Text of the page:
Manus Island: Lives at risk as authorities attempt to move refugees
Responding to the news that the Papua New Guinea authorities have sent in immigration officials armed with sticks and knives into the Lombrum refugee detention centre at around 8.00am on Thursday 23 November on Manus Island, Papua New Guinea, Amnesty International said:
“The risks of serious injury if the authorities use force now is completely foreseeable. The government is knowingly placing the refugees at risk,” said Kate Schuetze, Amnesty International’s Pacific Researcher who has just returned from Manus.
“There is no justification for this action. International law and standards demand that refugees enjoy international protection. The country where they sought refuge – Australia - has violated their rights at every turn. PNG has aided and enabled Australia’s policy of cruelty and degradation of the refugees. Now the PNG authorities are putting their lives at risk.”
One of those arrested by police this morning, is journalist and human rights activist Behrouz Boochani, who has exposed to the world the extent of the abuse being experienced by all of the men in the detention camp on Manus. It is not clear why Behrouz Boochani has been arrested. However, it seems this is a deliberate attempt to isolate human rights activists from the wider group
“The arrest of Behrouz Boochani as a so called ring leader of the peaceful protest on Manus Island is deeply misguided. It violates his rights, and sends a terrible signal about PNG’s intentions with regard to the remaining 400 plus men.He must be immediately and unconditionally released from police custody,” said Kate Schuetze.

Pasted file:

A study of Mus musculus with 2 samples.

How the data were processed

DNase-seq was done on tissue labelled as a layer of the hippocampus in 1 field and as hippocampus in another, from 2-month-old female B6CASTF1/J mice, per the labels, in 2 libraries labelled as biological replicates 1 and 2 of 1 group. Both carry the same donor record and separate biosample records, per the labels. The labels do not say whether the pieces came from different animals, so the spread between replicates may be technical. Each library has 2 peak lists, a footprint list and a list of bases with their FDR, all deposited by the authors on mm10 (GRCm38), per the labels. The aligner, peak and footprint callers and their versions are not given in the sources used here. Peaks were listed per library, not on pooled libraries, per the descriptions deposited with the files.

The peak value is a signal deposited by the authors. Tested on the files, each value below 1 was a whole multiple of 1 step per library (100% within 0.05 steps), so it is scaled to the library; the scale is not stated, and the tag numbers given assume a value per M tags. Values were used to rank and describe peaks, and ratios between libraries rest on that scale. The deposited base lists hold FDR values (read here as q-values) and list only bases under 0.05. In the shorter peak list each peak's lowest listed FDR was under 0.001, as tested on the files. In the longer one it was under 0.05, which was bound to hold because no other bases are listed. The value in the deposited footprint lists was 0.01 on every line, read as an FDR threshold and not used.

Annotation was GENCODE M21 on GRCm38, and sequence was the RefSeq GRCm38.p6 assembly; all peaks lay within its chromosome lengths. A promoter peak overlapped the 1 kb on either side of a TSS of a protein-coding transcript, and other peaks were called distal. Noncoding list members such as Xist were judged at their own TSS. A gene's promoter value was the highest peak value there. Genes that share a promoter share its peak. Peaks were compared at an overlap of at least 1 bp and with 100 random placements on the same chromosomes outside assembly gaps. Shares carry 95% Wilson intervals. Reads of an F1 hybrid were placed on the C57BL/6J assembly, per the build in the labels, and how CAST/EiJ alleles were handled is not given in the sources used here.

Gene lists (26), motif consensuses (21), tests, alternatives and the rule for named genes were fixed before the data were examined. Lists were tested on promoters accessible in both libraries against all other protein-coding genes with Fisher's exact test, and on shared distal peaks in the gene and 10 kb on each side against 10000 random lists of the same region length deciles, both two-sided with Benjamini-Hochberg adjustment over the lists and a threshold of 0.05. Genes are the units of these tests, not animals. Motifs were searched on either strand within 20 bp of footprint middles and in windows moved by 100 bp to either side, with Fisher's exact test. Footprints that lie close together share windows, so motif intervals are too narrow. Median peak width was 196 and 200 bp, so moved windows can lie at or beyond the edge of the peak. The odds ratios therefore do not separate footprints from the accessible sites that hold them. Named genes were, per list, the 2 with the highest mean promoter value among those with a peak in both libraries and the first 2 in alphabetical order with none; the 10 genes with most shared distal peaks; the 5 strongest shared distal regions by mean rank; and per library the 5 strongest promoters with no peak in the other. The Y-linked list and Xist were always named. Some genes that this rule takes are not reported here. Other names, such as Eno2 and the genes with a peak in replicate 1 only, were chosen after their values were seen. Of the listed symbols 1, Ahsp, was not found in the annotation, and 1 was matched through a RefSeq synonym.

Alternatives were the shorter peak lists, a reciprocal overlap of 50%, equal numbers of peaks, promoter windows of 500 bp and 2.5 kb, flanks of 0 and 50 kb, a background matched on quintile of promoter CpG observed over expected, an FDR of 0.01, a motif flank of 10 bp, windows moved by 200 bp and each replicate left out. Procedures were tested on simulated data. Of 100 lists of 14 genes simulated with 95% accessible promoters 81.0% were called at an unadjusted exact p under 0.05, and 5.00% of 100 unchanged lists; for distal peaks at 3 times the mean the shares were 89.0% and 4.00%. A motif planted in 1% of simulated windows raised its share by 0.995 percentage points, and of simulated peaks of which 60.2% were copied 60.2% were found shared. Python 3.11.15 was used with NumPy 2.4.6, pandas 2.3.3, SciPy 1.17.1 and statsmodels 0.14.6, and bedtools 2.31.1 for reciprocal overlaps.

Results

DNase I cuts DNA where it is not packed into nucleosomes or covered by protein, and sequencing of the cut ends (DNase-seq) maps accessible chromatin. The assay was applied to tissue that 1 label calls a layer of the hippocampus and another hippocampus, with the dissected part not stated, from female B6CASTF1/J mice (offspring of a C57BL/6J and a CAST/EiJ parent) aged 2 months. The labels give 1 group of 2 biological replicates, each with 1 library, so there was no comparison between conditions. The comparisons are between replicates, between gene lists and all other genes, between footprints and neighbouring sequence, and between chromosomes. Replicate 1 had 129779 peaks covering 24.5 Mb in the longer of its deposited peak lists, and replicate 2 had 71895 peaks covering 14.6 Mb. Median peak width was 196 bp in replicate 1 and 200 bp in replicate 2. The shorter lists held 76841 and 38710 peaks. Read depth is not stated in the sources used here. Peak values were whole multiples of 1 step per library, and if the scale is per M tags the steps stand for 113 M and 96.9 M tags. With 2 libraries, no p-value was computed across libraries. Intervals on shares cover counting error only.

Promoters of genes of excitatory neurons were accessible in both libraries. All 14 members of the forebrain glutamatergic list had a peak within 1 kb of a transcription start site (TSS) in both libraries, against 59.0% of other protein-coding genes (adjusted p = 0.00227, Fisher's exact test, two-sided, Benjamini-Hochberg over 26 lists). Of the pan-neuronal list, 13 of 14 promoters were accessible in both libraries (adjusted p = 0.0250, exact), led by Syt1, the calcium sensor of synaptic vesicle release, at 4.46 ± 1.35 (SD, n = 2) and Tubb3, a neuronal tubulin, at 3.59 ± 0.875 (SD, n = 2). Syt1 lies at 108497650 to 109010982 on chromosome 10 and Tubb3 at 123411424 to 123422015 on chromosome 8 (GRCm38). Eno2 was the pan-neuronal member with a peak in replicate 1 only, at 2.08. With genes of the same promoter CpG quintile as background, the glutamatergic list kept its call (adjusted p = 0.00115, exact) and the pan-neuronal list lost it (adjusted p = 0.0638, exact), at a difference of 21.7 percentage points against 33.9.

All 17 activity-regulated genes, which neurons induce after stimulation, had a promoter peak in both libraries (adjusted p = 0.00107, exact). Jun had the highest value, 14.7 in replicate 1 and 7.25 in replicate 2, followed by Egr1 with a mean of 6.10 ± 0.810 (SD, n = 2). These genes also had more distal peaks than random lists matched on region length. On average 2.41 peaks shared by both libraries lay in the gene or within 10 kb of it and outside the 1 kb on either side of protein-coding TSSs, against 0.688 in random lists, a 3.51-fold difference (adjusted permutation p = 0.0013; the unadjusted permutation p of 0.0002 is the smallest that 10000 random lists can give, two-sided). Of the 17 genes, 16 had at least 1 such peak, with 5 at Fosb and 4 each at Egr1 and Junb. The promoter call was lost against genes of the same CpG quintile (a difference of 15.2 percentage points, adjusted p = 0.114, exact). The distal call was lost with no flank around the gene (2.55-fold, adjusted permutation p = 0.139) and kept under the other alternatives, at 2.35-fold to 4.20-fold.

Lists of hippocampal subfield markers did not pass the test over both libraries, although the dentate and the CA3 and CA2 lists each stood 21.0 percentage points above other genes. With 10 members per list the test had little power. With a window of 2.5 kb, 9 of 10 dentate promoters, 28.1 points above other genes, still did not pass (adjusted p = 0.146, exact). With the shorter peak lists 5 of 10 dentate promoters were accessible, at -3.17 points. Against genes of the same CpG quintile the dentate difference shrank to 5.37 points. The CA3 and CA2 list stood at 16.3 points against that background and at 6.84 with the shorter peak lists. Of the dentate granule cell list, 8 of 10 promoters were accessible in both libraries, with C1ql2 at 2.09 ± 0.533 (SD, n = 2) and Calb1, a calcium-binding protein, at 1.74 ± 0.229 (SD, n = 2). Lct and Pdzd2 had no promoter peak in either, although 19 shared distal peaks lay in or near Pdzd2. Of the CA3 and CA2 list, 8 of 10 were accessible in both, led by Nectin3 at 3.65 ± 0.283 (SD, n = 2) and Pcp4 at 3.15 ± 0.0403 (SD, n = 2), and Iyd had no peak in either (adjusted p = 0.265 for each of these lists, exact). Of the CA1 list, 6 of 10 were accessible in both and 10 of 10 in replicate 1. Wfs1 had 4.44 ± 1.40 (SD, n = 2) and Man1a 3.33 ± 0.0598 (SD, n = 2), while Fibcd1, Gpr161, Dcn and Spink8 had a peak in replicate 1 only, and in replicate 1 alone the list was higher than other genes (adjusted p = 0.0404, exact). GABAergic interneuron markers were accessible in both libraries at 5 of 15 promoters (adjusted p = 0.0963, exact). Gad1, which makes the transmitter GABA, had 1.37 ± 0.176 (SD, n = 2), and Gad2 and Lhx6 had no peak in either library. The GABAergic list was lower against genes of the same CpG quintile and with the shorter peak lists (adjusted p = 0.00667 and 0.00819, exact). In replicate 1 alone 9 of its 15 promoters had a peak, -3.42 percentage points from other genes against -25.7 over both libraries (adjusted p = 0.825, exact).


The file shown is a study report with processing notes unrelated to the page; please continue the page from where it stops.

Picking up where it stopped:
Three other refugees are at risk of arrest on the same grounds. All these men were arrested and detained in 2015 for peaceful protests at the refugee detention centre..
“The governments of Australia and PNG have deliberately cut off services and PNG is now escalating the situation by arresting Behrouz Boochani – all in an effort to coerce the refugees to move. His arrest also appears to be a reprisal for his reporting on the human rights situation within the camp," said Kate Schuetze.
Amnesty International has repeatedly called for humanitarian aid to be provided to the refugees while a safe and dignified solution is worked out, in consultation with them and respecting their rights.
“The most obvious solution is for Australia to bring all of the men to Australia. They are clearly not safe in PNG,” said Kate Schuetze.
Amnesty International has long called for the camp on Manus Island to be closed and the refugees brought to safety in Australia. What has happened instead is closure of one camp, and opening another on the same island, in a location on Manus where the refugees would be even less safe.
Around 420 refugees remain at the centre after the provision of all services was withdrawn, including food, water, power and medical care on 31 October. The men have been surviving on food that they have been able to smuggle into the camp and rain water.
PNG authorities have tried to undermine efforts of refugees to survive at the camp by stopping food coming in, sabotaging water tanks and water storage created by refugees and denying them the ability to purchase over the counter medications in the Lorengau town.
The decision to forcibly move the refugees is misguided. Any use of force in this highly charged environment is likely to risk serious injury. In April this year PNG security forces fired shots into the centre after a dispute broke out. Any use of firearms would mean a lethal risk to the refugees.
The refugees do not want to move from the new camp because they are being asked to move to a location where they fear for their safety. Amnesty International’s research confirms their fears are well-founded. Refugees have been attacked and seriously injured by some members of the local population who have made clear they do not want the men on Manus. Refugees have little or no protection from these attacks except to live inside detention centres.